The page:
The Leveson Inquiry into the media is hearing evidence from staff at the Daily Mail and Mail on Sunday and their publisher, Associated Newspapers.
Daily Mail picture editor Paul Silva has detailed to the inquiry the rules he follows on using paparazzi photos.
These include establishing that the subject had not been harassed, he said.
Mr Silva will be followed by Mail on Sunday editor Peter Wright and Liz Hartley, who is head of editorial legal services for Associated Newspapers.
Mr Silva told the inquiry the Daily Mail had received "about a handful" of complaints about photos in the last few years.
He said he considered it acceptable to use paparazzi photos of people which were taken in public places.
Someone's driveway would not be considered a public place, but the pavement would be. "We are only talking about a matter of yards," he said.
For the past three or four years he had asked a number of questions about the photos submitted by paparazzi "automatically on every story," he said. These included whether the subject of the image had been harassed and what sort of lens had been used to obtain the shot.
If a photographer had followed a celebrity all day, they would have to justify that, he said. "There would have to be a special reason for them being there that long, for that period of time."
Mr Silva said he asked the questions primarily to satisfy himself that the photos had been taken in the proper way before he put them forward for selection in the newspaper.
"Times have changed and we've had to change accordingly - and as a result of that we come up with these questions on every occasion when we deal with paparazzi pictures," he said. "We've reacted to the change in culture at the moment."
Mr Silva said that most shots of celebrities' children were not used but that if they were, the paper would check with the celebrities' agents or the children would be cropped out or their faces pixelated.
"We're very careful with regards to people's children," he said.
Mr Silva said the Daily Mail used photos of some celebrities more than others, depending on the interest they had for its readers. Since the royal wedding, Mr Silva said the Daily Mail had not used paparazzi photos of Pippa Middleton.
"At the moment we have a situation where there must be nine or 10 agencies outside her door," he said. "There's no reason to use them, there's no justification to use them."
He said the Daily Mail would use photos of Miss Middleton at events but "her just coming out of her door every day, there's no reason to use it."
Daily Mail picture editor Paul Silva Mr Silva said the Daily Mail had to be 'very careful with regards to people's children'
Hugh Grant's baby
Mr Silva said the Daily Mail had tried to get photos of actor Hugh Grant and his baby at the child's mother's house because it was a major showbusiness story.
"The purpose of going to the house was to see if we could get a close-up photo of Hugh, or mother with baby."
He told the inquiry that the Daily Mail had tried to obtain a photo consensually and that the story was considered a public matter because an agent had issued a statement confirming the baby's birth.
"There was no inclination [sic] in that statement that there was a privacy problem or a problem ahead."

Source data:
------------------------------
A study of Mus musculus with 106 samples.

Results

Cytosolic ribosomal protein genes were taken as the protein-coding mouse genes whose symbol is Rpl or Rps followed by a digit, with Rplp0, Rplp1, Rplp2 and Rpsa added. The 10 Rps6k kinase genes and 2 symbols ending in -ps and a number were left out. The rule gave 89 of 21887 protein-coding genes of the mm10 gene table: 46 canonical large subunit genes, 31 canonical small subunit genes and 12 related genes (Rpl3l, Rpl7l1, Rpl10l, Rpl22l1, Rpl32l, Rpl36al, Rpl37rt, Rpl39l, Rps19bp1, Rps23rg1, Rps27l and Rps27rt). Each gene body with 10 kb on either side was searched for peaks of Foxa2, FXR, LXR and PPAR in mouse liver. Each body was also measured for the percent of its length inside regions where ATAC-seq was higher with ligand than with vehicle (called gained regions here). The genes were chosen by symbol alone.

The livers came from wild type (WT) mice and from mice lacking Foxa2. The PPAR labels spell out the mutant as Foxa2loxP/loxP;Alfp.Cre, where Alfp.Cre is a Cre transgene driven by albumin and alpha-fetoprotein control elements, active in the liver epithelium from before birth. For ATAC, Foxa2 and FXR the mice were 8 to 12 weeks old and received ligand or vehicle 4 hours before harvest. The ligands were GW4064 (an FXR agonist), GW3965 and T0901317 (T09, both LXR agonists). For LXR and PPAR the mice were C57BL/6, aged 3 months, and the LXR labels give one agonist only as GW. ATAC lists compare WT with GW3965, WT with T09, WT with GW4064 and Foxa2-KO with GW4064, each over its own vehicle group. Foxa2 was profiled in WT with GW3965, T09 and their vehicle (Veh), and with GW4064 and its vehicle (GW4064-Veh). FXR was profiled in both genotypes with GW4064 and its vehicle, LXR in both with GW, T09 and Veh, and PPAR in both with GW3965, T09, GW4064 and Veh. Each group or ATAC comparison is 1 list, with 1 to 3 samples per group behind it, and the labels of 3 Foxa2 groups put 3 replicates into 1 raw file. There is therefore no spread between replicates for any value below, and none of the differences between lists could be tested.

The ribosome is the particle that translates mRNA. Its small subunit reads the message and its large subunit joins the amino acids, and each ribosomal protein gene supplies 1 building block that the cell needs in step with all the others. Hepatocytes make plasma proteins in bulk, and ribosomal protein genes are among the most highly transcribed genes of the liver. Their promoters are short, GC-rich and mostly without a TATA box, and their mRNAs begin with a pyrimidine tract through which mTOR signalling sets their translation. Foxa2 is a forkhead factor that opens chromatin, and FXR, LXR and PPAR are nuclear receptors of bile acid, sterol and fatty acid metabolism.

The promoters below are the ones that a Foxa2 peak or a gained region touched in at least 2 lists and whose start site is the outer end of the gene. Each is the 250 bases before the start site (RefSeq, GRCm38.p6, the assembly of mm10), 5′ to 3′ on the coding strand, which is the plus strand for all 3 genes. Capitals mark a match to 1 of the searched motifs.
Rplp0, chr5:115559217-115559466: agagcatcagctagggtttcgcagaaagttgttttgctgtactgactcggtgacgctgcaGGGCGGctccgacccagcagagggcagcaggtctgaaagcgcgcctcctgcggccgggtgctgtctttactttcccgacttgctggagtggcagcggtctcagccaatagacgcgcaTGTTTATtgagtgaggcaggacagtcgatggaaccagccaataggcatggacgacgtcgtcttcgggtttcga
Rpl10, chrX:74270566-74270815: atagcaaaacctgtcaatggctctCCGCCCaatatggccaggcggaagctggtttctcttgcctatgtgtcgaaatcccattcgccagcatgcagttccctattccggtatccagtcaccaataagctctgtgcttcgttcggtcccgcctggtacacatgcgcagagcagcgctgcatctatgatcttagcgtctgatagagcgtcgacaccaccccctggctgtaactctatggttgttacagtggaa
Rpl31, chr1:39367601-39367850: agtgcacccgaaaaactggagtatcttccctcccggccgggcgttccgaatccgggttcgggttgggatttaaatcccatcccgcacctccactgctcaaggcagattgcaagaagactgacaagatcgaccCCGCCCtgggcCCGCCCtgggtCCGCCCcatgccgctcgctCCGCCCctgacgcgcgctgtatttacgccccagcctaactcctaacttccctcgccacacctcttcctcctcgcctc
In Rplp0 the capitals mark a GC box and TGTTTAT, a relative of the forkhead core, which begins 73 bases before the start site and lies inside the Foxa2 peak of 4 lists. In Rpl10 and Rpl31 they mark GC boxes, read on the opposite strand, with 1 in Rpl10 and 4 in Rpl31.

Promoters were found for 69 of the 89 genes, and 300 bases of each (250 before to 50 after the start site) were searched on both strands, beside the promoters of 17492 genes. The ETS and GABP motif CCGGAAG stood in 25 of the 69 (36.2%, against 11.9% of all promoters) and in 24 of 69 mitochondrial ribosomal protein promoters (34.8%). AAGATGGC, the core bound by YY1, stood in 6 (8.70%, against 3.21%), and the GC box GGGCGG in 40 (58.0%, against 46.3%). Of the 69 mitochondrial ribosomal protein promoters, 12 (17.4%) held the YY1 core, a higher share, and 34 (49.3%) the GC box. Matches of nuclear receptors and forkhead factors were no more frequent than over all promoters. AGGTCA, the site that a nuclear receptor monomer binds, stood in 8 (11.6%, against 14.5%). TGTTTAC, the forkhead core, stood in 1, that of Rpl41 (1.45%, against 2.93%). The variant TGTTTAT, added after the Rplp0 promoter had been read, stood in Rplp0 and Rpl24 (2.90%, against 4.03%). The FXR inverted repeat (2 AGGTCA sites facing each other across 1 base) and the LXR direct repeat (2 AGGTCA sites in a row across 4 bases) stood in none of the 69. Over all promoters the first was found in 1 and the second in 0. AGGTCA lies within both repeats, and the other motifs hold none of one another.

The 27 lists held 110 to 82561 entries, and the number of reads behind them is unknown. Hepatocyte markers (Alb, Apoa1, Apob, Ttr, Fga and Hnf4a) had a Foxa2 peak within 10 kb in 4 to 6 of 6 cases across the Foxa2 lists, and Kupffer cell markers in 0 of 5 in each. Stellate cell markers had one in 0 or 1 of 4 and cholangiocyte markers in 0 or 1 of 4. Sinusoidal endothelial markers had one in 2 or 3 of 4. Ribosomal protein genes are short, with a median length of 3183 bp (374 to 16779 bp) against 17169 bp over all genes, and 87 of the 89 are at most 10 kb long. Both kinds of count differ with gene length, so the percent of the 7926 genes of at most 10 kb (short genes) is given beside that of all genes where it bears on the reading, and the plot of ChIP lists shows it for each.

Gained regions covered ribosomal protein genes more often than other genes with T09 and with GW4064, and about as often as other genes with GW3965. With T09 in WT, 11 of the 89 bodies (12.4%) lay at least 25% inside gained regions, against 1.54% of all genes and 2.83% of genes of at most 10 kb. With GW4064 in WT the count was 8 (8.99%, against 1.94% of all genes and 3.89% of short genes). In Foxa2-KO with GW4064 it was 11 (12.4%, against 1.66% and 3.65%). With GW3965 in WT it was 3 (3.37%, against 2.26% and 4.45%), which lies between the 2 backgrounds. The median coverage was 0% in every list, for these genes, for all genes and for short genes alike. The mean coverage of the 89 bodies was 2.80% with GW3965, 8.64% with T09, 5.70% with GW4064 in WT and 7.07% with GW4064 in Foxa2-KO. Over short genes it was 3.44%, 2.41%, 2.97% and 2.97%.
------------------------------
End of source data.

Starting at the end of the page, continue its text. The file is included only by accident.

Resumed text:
Mr Silva said the newspaper's response to the birth had been consistent with how it had reacted when other high-profile people had had children.
"It's our normal response - it's the way we've done it for years," he said.
Mr Silva said no photo of the three together was obtained but that he believed it was acceptable for the Daily Mail to subsequently publish a photo of Mr Grant outside the his daughter's mother's home.
"He was there talking to photographers. I believe it was taken with his consent; he knew he was being photographed." Mr Silva said he did not ask the photographer whether consent had been obtained.
Counsel to the inquiry Robert Jay QC questioned Mr Silva about Kate and Gerry McCann, whose daughter Madeleine went missing in Portugal in 2007.
Mr Silva admitted that the Daily Mail had used unpixelated pictures of the McCanns' other children against the newspaper's general policy
"This was a unique situation … where we'd been allowed to stand in a certain position … and take pictures of the children."
But when asked whether he should not have used the pictures, Mr Silva said: "In hindsight, possibly … but there was no objection raised at the time."
Editors and executives
Later on Wednesday, the inquiry will be read statements by Associated Newspapers group managing director and chief executive of parent company A&N Media Kevin Beatty, as well as A&N Media finance director James Welsh.
The inquiry's focus this week has been on newspaper editors and executives.
On Tuesday, it heard evidence relating to the Financial Times, Independent and Telegraph broadsheets, while Monday's evidence concentrated on the Sun.
On Thursday, representatives from Northern and Shell - including Daily Express and Daily Star owner Richard Desmond and two of his editors - will give evidence.
Opening Wednesday's hearing, Lord Justice Leveson said some media had reported on comments he had made to witnesses as if they were preliminary findings. They were not, he said.
Prime Minister David Cameron established the Leveson Inquiry in July 2011 amid new revelations of phone hacking at the now-shut News of the World (NoW) tabloid.
A second phase of the inquiry will commence after the conclusion of a police investigation into NoW phone hacking and any prosecutions. It will examine the extent of unlawful conduct by the press and look at the police's initial hacking investigation.